Is America Overcriminalized?

Basic tenant of the article is that the proliferation of federal and state criminal laws (via overzealous legislatures developing excessive criminal penalties that don’t necessarily fit the crime) has resulted in the United States becoming overcriminalized. The US only accounts for 5% of the world population but we hold 25% of the world’s prisoners.

The authors (Charles Koch and Mark Holden) propose the following points as reform:

A pretty simple piece with a lot of common sense. Our political culture tends to favor “hard on crime” platforms and agendas. Many people care for their safety and such platforms win support. Follow through by legislatures assessing criminal penalties for similar things that other nations believe are dubious :dubious: show that they have followed through on their agendas and garner re-election votes.

This type of change I expect will be harder to accomplish for the reasons asserted above.

I’m on board with all of these reforms, although #2 is a bit squishy.

#1 is terrible–a license for people to do any amount of harm through wanton carelessness and reckless indifference to the rights and safety of others.

Eh? They’d still be civilly liable. Though I think you misunderstand what the authors are saying.

Yeah, I’m not sure how #1 works out. Most of the anecdotes from RNATB’s post appear ridiculous but how many people are in prisons from those sorts of “crimes”?

I don’t think the focus there is necessarily keeping people out of jail or whatever so much as it is eliminating solutions for problems that don’t exist from the statute books.

Just end the war on drugs. That’s most of the problem.

The classic example of Number 1 is vehicular homicide while driving drunk. Clearly the driver did not intend to kill anyone. But you think it is satisfactory that the only punishment is that the guy’s auto insurance is going to pay for the death–since he will be civilly liable–and maybe his rates will go up?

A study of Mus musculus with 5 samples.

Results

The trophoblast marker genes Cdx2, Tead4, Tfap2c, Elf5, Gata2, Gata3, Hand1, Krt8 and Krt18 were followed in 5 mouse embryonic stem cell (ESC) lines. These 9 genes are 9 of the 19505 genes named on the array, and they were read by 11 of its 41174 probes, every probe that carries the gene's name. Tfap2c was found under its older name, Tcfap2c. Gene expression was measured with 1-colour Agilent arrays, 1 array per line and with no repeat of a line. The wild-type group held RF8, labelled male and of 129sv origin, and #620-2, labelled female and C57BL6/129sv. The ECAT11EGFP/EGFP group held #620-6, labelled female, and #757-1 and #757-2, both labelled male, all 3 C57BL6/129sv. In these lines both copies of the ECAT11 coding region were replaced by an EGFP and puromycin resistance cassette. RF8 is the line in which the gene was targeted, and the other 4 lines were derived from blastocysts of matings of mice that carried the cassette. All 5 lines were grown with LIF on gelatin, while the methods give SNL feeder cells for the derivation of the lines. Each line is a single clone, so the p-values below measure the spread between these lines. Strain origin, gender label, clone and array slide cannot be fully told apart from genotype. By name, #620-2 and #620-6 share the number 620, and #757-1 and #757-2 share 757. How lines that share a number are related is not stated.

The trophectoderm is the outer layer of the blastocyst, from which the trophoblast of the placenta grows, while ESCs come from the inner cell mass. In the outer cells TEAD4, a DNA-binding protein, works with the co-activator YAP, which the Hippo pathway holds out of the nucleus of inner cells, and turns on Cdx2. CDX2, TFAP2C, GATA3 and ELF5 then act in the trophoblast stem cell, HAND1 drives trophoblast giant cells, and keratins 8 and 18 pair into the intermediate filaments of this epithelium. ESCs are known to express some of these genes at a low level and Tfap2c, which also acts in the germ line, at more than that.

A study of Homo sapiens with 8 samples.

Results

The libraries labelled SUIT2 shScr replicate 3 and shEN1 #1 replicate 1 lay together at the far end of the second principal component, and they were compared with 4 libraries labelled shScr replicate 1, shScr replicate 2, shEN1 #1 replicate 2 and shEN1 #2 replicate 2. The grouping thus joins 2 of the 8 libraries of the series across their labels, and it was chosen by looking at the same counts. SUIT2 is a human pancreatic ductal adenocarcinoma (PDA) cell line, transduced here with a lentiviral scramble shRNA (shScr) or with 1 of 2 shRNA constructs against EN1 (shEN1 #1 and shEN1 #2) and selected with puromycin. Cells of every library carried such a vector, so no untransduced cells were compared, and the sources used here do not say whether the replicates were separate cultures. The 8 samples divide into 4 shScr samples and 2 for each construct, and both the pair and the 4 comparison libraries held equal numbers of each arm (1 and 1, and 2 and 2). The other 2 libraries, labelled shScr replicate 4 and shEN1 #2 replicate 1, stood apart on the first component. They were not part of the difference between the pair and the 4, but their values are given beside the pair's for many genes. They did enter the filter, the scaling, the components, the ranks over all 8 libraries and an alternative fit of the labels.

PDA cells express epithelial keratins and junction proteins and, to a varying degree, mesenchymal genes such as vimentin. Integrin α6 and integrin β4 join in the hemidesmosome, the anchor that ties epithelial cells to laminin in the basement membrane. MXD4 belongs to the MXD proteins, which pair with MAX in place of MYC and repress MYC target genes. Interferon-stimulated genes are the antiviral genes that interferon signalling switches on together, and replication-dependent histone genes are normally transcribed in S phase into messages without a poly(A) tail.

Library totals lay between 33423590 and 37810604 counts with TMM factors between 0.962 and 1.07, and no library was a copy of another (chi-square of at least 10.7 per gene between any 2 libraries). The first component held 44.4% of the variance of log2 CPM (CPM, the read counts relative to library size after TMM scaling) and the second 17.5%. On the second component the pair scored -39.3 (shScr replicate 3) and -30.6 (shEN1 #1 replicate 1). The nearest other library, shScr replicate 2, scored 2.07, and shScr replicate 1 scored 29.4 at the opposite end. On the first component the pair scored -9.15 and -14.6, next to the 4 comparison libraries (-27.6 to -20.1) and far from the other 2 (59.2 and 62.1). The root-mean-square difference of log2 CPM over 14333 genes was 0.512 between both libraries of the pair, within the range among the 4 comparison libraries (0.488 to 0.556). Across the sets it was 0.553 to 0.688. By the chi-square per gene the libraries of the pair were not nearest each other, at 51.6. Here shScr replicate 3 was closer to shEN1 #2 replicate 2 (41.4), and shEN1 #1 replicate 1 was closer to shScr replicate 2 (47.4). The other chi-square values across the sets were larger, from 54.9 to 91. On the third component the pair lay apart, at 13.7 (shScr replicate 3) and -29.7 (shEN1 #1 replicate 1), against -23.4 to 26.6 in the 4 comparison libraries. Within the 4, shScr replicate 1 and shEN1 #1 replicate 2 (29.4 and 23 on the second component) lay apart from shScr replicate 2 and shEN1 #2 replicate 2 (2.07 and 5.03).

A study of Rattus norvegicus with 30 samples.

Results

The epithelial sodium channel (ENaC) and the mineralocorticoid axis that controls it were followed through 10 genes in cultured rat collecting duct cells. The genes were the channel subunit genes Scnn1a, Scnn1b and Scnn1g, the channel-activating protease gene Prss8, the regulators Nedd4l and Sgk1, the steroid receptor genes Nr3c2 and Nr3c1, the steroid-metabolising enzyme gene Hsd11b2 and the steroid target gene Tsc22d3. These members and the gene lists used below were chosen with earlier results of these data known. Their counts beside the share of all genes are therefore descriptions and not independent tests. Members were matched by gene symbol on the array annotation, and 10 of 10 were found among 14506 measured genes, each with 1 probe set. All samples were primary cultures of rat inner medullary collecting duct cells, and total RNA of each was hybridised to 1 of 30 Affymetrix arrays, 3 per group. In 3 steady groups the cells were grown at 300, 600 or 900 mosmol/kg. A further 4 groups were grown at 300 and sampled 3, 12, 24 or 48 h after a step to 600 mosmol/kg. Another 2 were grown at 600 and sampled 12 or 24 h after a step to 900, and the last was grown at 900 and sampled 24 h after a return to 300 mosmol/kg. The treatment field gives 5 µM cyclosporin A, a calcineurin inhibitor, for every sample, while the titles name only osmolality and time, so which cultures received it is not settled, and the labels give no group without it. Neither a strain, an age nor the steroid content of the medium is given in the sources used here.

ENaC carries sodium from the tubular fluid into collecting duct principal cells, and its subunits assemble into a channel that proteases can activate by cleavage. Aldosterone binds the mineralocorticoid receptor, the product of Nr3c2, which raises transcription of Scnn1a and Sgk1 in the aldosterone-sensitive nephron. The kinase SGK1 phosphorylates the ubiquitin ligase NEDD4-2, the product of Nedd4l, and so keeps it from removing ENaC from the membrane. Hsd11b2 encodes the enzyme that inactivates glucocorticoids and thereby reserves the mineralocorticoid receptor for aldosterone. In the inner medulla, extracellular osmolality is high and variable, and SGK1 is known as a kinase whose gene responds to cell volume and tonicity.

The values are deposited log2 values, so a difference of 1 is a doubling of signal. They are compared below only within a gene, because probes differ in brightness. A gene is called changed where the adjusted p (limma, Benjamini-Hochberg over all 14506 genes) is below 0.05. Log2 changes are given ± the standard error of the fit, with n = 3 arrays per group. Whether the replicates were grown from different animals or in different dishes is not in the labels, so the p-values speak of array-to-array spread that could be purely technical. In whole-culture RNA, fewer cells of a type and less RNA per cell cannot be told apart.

You seem to misunderstand them too. Driving drunk is a knowing, willful violation of the law itself.

#3 is a big deal. I doubt 1 in 10 people know that there is no (federal) constitutional guarantee of the right to counsel in state misdemeanor prosecutions.

America imprisons more people, per capita, than Cuba (they’re second in the world, with Russia and Rwanda coming a bit behind). Given that Cuban law allows you to be imprisoned for up to four years without having committed any crime at all, that’s really pretty impressive, and not in a good way.

  1. To be prosecutable in the criminal courts, an action must have violated the peace, safety, or property of another individual. No victim, no prosecution.

So stealing government property is okay? :wink:

Why would it be? Stealing from the government is the same as stealing from every person who pays taxes.

Charles Koch, THE Charles Koch proposed this? I’d have to question his underlying motive then, he’s probably trying to get away with something.

In the interest of mutual aid, I have to point out that the word is “tenet.” Tenants live in buildings, and are expected to obey the tenets of their leases.

Whoah. It really is that Charles Koch. I assumed it was some researcher or law professor.

Considering he’s aligned with the ACLU and George Soros on this issue, hell might be freezing over for some.

Holden was quoted in a NYT article back in November:

Prove it was willful. That’s what any good defense attorney is going to say, and with good reason- plenty of people may underestimate the amount of alcohol they’ve had, either through inattention, inaccurate drink-making, or something else, as well as underestimating its effects- due to food, medications, etc…

TL;DR- someone could easily legally drive drunk with no intention to break the law.


As others have noted, I have questions about the knowing and willful intent issue. It seems like a huge gray area that could go anywhere from eliminating a few meaningless misdemeanors to opening a loophole that would make it virtually impossible to convict anyone of any crime.